2016 Mazda CX-3 Compact SUV

The CX-3 offers fun driving dynamics, fluid body style, impressive fuel economy, and a well-appointed interior.

July 28, 2015, by Paul Clinton - Also by this author

Photo by Paul Clinton.
Photo by Paul Clinton.

Mazda may have just obliterated the razor-thin line between compact cars and entry-level crossovers with its impressive CX-3 that should rise to the top of an increasingly competitive category.

Compact-car shoppers may not be able to resist the CX-3's fun driving dynamics, fluid body style, impressive fuel economy, and well-appointed interior. Whether the CX-3 will enter the fleet world remains an open question — the first CX-3s will be sold in the retail channel. However, these entry crossovers with their $20,000-ish price tags certainly offer an enticement, and we've heard some whispers from fleet buyers about this category.

The CX-3's body, which is made up of 63 percent high-tensile steel, offers up plenty of appealing curves, a longer nose, and arrow-like daytime running lights with LEDs.

The CX-3 is loosely based on the Mazda2, but it's leaner and a bit taller. Its dimensions (168.3 inches long) put it on the longer end of the spectrum when matched up with competitive vehicles such as the Honda HR-V (169.1 inches), Jeep Renegade (166.6 inches), and Nissan Juke (162.4 inches).

Mazda has a knack for designing vehicles around drivers, and the CX-3 is no exception. It starts with an ideal seating position that gives your eyes a slightly above center view of the road ahead. Mazda provides more than 6 inches of ground clearance for both the 16-inch and 18-inch wheel models.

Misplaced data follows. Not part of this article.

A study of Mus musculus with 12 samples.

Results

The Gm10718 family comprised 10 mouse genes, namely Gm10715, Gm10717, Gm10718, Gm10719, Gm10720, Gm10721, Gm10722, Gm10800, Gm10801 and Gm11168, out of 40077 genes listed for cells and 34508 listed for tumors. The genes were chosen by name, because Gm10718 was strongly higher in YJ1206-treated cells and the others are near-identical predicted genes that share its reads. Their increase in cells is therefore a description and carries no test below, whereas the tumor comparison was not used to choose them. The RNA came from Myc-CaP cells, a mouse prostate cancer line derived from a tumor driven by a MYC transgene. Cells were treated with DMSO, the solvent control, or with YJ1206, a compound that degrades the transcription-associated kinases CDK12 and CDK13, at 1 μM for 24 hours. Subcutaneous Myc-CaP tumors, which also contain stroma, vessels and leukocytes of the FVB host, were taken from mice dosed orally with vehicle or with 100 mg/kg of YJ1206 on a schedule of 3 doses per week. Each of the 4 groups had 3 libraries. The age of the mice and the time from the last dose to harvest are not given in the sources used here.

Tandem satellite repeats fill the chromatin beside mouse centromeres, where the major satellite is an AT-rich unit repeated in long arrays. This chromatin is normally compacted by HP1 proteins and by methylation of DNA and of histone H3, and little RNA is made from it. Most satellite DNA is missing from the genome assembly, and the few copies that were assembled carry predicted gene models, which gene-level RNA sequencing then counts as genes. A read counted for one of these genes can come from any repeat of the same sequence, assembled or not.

Photo by Paul Clinton.
Photo by Paul Clinton.

Mazda hasn't treated the CX-3 as a smaller CX-5 clone, and the vehicle's driving dynamics bear that out. Mazda has simplified the rear components compared with the Mazda3 to provide a rigid, yet lightweight chassis. And the automaker modified the suspension to better adapt to body roll.

I tested the FWD and AWD CX-3 models at a press event in the hills of Malibu in southern California that included sharp camber turns on mountainous roadways. The FWD CX-3 was very capable at handling sharp curves while maintaining stability.

The CX-3 interior doesn't present a stripped-down appearance. All models get the 7-inch touch-screen display, and details such as stitching and painted air-vent bezels raise the vehicle's finishing touches. Interior details are carried over even to the base trim model.


Amy Winter-Hercher

Senior Editor

Amy is an associate editor for Auto Rental News and Business Fleet.


Executive Editor

Chris is the executive editor of Business Fleet Magazine and Auto Rental News. He covers all aspects of the fleet world.


Managing Editor

Chris works on Automotive Fleet, Fleet Financials, Work Truck, and Green Fleet. He edits the Global Fleet Management eNewsletter.


Editor and Associate Publisher

Mike has covered fleet management and remarketing for more than 20 years and entered the Fleet Hall of Fame in 2010.


Senior Web Editor

Paul is the senior web editor for Automotive Fleet, Fleet Financials, Government Fleet, Green Fleet, Vehicle Remarketing, and Work Truck. He has covered police vehicles for Police Magazine.


Executive Editor

Thi is the executive editor of Government Fleet magazine. She is interested in maintenance management and alternative fuels.